Foreign taxpayers engaged in an active trade or business in the host country are usually subject to income tax in that county. The tax applies on net income (gross profit less deductible costs ad expenses) arising from their activities in the host country. To be subject to tax, foreign taxpayer’s activities must be regular, continuous and substantial and create a taxable nexus or presence in the host country.
In the U.S. such presence is defined as US “trade or business”, and the US income tax applies to income which is “effectively connected” with such trade or business. In Italy, the required tax presence is defined as “permanent establishment”, meaning a fixed place of business or the regular presence of personnel (employees or agents) transacting business on behalf of the foreign taxpayer.
Foreign taxpayers engaged in business activities in Italy that cross a certain threshold may become subject to tax in Italy on income arising from their Italian business activities. The threshold for triggering Italian tax is referred to as “permanent establishment”. It usually requires a direct physical presence in Italy through an office or other fixed place of business, or regular activities performed by third parties acting on taxpayer’s behalf (such as employees or agents). The Italian tax code provides its own definition of permanent establishment and Italian courts are notoriously aggressive in enforcing the permanent establishment provisions of Italian tax code. As a result, taxpayers are often inadvertently caught in such provisions and suffer adverse tax consequences. We advise our clients on the best practices to avoid inadvertent exposure to Italian permanent establishment tax and help them move through the required due diligence to maintain protection from such exposure.
The U.S. equivalent of the Italian permanent establishment provision is the U.S. trade or business rule, according to which foreign taxpayers engaged in a trade or business in the United Sates (in acronym, ETB) are subject to tax in the U.S. on their income effectively connected with their U.S. trade or business (in acronym, ECI). The case-law interpretation of the U.S. trade or business requirement and effectively connected income concept is broad and the statutory and regulatory provisions provide linited guidance. We advise clients on issues arising under U.S. trade or business and effectively connected rules.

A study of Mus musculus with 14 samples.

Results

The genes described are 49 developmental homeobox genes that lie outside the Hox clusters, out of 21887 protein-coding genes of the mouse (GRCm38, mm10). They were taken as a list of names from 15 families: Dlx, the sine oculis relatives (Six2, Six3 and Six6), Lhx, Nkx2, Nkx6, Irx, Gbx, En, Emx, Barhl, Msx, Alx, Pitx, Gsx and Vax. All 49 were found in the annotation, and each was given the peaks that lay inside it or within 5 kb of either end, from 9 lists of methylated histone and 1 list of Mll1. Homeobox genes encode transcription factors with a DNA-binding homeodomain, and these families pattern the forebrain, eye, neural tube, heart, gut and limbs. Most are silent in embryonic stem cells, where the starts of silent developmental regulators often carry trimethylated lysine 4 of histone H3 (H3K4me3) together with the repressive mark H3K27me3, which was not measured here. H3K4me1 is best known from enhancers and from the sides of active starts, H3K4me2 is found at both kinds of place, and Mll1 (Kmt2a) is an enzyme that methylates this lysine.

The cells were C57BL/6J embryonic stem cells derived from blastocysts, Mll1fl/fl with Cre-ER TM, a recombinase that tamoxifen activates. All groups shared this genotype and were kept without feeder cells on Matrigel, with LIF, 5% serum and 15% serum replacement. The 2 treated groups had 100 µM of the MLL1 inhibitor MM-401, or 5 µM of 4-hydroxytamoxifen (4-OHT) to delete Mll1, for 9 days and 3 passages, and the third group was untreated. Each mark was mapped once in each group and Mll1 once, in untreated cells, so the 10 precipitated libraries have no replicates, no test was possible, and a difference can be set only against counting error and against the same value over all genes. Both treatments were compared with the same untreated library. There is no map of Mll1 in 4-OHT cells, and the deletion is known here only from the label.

Under certain circumstances, the presence of employees, agents, distributors, independent contractors, or consultants may be sufficient to create a tax liability in the host country.
“In this area of international tax law, we advise foreign companies and individuals conducting business in Italy and the United States through a branch, office or other fixed place of business or through agents, employees, distributors, independent contractors, or consultants and help them properly identify, handle and comply with their income tax filing, reporting and payment obligations and responsibilities in the host country, including liability to file income tax returns, international information returns local income tax returns and properly compiute and pay income taxes due”.
Our services in this area include:
- advising on permanent establishment and host country tax issues;
- assisting on preparing income tax and international tax returns;
- providing federal and state tax planning strategies.